What just happened?

June 17, 2017

So a week after the election what to make of it all? Here are a few bits of analysis I found interesting. If anyone has found any other interesting alaysis of the election please feel free to post links in the comment section.

From the BBC the day after the election there was this useful examination of how the Tories ended up campaigning in the wrong places: Election 2017: How the Tory campaign went so wrong.

The main thing we have learned is that past performance is a poor guide to the future. The Tories were largely using much of the same team as in 2015 and, once again, they were very well funded. But this evidence implies that the Conservative party campaign in England was an absolute catastrophe, and appalling data and analysis drove them to use their resources poorly.

Osborne’s Evening Standard had a wonderfully poisonous insider account of what went wrong with the Tory campaign: Revealed: How Theresa May’s two aides seized control of the Tory election campaign to calamitous effect

The Flip Chart Fairy Tales website has an interesting analysis entitled “The end of the Long 90s

That article also has a link to an interesting short paper by the cultural theorist Jeremy Gilbert from a couple of years ago which looks at the broader cultural context. Its entitled “Captive creativity: breaking free from the long ‘90s’. Here is an excerpt:

If I were to show you photographs of every seminar group I’ve taught since 2000 or so…the only differences you’d notice, that you’d be able date the photos from would be me getting older. This sense of cultural stasis isn’t mine alone. My students have been telling for years now that no very formally new music has emerged since around the beginning of the millennium, while the music critic Simon Reynolds had a worldwide success a couple of years ago with his book Retromania, reflecting on the absence of real novelty across many fields of contemporary culture. Now before you reflexively dismiss this as just old-man grumpiness, consider for a moment. This isn’t the cliché you might think it is. Middle aged people are supposed to be alienated from and suspicious of, the culture – and especially the music – of the young. But they’re supposed to find it frighteningly new and therefore beyond aesthetic comprehension. They’re not supposed to bemoan its lack of novelty. But here we are.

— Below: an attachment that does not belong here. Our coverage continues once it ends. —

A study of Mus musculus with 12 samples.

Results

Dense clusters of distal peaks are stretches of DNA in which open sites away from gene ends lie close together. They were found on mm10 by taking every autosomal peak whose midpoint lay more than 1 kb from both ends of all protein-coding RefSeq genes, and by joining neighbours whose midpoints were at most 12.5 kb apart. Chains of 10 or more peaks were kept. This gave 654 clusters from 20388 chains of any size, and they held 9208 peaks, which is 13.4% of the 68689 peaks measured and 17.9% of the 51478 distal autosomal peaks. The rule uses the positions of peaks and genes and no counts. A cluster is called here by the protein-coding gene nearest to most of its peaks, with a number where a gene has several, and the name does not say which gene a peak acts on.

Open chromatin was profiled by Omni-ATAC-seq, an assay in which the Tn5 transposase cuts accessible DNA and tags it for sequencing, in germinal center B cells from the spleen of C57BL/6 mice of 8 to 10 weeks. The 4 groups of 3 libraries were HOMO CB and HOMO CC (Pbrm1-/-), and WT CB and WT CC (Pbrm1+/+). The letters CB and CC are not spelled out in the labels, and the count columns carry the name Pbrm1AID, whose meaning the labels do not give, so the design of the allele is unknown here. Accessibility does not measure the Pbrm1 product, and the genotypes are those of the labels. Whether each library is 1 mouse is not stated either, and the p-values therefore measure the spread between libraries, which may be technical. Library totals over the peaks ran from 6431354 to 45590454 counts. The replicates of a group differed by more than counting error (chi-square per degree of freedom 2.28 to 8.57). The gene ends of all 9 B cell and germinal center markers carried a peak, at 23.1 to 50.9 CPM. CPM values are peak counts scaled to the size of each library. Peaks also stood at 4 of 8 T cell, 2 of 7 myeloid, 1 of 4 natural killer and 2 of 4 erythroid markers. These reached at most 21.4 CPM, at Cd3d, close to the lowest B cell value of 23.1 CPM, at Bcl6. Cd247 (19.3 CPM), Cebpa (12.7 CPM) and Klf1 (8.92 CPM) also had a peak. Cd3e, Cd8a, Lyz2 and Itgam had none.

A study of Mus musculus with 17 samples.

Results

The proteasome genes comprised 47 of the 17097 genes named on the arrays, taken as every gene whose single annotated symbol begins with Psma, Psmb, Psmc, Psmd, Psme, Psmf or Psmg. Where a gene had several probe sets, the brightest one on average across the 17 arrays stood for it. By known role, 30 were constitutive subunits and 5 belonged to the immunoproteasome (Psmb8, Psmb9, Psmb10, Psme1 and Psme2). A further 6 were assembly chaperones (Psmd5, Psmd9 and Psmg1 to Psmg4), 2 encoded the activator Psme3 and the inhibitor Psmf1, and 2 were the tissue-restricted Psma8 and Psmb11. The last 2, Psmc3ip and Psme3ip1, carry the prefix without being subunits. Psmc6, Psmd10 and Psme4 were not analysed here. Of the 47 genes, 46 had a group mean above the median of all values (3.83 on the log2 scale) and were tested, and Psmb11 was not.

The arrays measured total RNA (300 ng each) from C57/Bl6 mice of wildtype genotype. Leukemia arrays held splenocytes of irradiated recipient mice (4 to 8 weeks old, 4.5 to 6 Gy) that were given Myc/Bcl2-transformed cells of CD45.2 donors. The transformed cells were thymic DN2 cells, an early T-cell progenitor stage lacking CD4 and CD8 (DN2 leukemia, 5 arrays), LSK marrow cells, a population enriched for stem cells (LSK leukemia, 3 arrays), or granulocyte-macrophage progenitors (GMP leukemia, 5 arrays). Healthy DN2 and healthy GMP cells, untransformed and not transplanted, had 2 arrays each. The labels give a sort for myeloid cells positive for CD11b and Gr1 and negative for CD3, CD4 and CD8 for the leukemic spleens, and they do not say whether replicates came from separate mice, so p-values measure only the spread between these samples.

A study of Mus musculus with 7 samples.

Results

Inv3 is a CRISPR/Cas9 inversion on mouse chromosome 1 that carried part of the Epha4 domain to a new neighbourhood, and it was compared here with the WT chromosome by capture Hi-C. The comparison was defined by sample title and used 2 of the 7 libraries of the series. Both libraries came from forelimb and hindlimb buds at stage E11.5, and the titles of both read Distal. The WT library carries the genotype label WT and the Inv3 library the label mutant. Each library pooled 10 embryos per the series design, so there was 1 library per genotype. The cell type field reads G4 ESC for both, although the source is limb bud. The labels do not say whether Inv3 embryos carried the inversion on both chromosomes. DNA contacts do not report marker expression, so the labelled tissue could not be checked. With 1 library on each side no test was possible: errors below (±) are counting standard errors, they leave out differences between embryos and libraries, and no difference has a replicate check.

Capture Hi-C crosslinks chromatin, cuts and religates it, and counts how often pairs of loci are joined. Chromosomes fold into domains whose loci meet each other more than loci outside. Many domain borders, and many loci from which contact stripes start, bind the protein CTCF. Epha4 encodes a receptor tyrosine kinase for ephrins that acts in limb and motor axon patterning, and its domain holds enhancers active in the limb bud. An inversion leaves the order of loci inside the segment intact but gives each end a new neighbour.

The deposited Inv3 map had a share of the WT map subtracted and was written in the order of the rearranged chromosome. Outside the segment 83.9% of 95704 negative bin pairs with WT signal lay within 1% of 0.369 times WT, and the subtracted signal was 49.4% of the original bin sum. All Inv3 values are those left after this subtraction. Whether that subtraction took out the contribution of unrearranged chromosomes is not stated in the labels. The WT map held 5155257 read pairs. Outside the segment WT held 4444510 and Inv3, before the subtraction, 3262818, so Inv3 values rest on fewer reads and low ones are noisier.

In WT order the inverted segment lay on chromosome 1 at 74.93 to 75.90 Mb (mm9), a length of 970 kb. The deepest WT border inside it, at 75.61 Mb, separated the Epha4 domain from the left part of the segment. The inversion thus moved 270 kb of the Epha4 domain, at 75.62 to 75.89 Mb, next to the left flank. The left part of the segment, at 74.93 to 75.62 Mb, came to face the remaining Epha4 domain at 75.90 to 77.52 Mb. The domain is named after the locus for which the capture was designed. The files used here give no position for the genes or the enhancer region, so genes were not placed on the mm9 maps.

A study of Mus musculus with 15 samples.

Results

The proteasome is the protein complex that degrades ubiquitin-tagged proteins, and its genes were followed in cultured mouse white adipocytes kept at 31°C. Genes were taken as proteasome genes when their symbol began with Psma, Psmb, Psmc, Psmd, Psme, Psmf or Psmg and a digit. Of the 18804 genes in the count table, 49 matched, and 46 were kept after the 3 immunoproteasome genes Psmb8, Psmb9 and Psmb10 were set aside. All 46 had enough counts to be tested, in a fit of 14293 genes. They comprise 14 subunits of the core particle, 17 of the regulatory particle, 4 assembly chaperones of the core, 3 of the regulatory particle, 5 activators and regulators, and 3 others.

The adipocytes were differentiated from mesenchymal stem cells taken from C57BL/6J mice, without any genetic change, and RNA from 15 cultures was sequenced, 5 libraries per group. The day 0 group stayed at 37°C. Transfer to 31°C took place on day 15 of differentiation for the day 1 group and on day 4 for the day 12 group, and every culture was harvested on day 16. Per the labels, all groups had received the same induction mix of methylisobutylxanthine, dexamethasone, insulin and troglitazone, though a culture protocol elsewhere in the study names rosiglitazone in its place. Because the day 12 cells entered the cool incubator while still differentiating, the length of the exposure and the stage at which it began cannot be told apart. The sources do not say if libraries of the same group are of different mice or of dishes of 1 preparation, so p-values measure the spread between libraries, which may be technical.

That’s not to say that there isn’t lots of great music being made. But for arguably the first time since the beginning of recorded music, there isn’t any that you couldn’t have quite easily imagined being made 20 years previously. Everything has changed, but nothing has changed.”

Gilbert has a short piece on the election on his blog called “Quick first thoughts on the June 2017 UK General Election result”

There there is Frankie Boyle’s take on the whole thing.